Bratty Redhead


I’m embarking on something I’ve wanted to do for a long time. Coffee reviews for traveling nerds. I don’t travel extensively but I do go places and my trip logistics are often driven by my need for acceptable espresso drinks. Over the years I’ve raised the bar several times for what I want in a coffee shop. I used to just get excited that I could find Starbucks on road trips through Nebraska and Oklahoma or had a Starbucks across the street from my hotel.

These days I look a little harder for local shops serving artisan espresso drinks. I have been know to pore over Google Maps and search the internet for hours before choosing a hotel for a trip. For road trips I look ahead of time at where we might be able to stop for coffee, mostly because I’m afraid we’ll miss the only coffee shop within 300 miles (this can happen in Texas!).

I’m not a top of the line coffee snob. I don’t attend cuppings and I’m not sure I could tell the diff between espresso shots. To be honest, I’m not too fond of straight espresso. I prefer my drinks to be about cappuccino strength. I don’t roast my own beans although I’ve met those who have. I can’t make very good coffee art, although I enjoy trying.

I drink most of my espresso at home, which is part of what’s raised the bar when I look for coffee shops. If you spend a lot of time pursuing a great shot, you start noticing when you’re served bitter espresso or scalded milk. I went from religiously drinking Caribou cappuccinos to actively loathing them over a period of a few years.

Many years ago I had a Krups pot boiler espresso machine and a blade grinder. I used that for years and considered it fine. Then I started thinking I wanted a nicer espresso maker and started reading. That’s when I learned about grinders. Instead of buying a new espresso machine, I ended up buying a Mazzer Mini. This was before the Euro and when things were less expensive. I believe it cost me around $350 at the time. That was all the money I could afford to spend for a long time, so I had a super nice grinder and a crappy pot boiler espresso machine.

Eventually my boyfriend and I each got Starbucks Barista machines on sale for $200 and they were great for their price point until they died. At that point, I was making more money and decided I wanted something nicer. I opted for a Rancilio Silivia which I later modded with a PID that allows you to see and regulate the brewing temperature for espresso. This is where I’m at today: Mazzer Mini, Rancilio Sivia. I tend to use the same espresso beans as calibrating the grinder for different kinds requires wasting about half a pound and too much time. So I stick with a local provider: Peace Coffee espresso beans. What do I consider an artisan shop? There are several optional components but a few obvious things:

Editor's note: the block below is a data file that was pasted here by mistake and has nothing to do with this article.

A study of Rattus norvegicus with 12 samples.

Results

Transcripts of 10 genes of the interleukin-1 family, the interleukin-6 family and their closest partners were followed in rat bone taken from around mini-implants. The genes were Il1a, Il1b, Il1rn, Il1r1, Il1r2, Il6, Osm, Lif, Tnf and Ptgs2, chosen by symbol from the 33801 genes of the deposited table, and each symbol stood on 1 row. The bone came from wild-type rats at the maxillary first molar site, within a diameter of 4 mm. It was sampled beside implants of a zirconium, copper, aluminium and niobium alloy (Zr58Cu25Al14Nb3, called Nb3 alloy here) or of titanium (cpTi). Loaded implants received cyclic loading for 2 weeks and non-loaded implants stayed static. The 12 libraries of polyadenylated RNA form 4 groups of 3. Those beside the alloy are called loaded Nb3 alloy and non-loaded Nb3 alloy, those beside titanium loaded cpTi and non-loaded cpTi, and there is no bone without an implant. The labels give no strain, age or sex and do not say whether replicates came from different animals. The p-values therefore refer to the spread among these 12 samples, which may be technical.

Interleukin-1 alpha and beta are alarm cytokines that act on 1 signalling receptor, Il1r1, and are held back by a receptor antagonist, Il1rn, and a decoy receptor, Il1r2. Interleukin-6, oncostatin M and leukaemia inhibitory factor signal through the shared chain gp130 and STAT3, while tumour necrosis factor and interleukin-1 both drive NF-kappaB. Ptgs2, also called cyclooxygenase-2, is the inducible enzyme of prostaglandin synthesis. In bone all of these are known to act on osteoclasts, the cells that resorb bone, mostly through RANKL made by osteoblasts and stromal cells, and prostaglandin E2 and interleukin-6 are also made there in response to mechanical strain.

• Their espresso machine aren’t automatic: If you push a button to make the espresso, chances are good it’s going to taste like ass, no matter how beautifully the beans were roasted. Example: I ended up at a Pete’s Coffee in Santa Clara and was surprised at how downright yummy my latte tasted. This shop was using a La Marzocco. I was so pleased that when I went to the airport, I ordered some there. The same drink came out of an automated machine and was so vile I threw it out. Seriously. So this one isn’t negotiable. You can’t have an automatic and call yourself artisan. Please point me in the direction of anyone making sublime drinks with an automatic if you disagree.
  • Beans are ground for each drink, not hours in advance: Yes this really happens. I have stopped at a few places and had them make espresso with grounds from a bin.
  • Coffee Art: I consider this mandatory although not necessarily every single time if I go often. What this tells a first time visitor though is that your baristas have been trained on more than how to look at a theromometer and push a button. It also adds a nice finishing touch to the drink, communicating that each drink is an individual effort.

Less mandatory, I like it when the barista can talk about calibration and taste notes with their espresso(s). Another thing you’ll find in serious artisan shops is milk snobbery. When the Angry Catfish opened in Minneapolis, they did several taste tests before settling on a local milk provider. They also only serve whole milk, no arguments, although they’ll also use soy.

So anyway, I’ve started writing up my NYC coffee shop experiences and will post a separate snippet for each shop. I’ll also create entries for places like that awesome shop we found in Denton, TX and other recent trips to Baltimore, Seattle and Santa Clara. I know this is a technical blog, but coffee is so much a part of our lifestyles that it seems a natural add-on. I hope you enjoy it and if you have suggestions for places for me to visit, please let me know.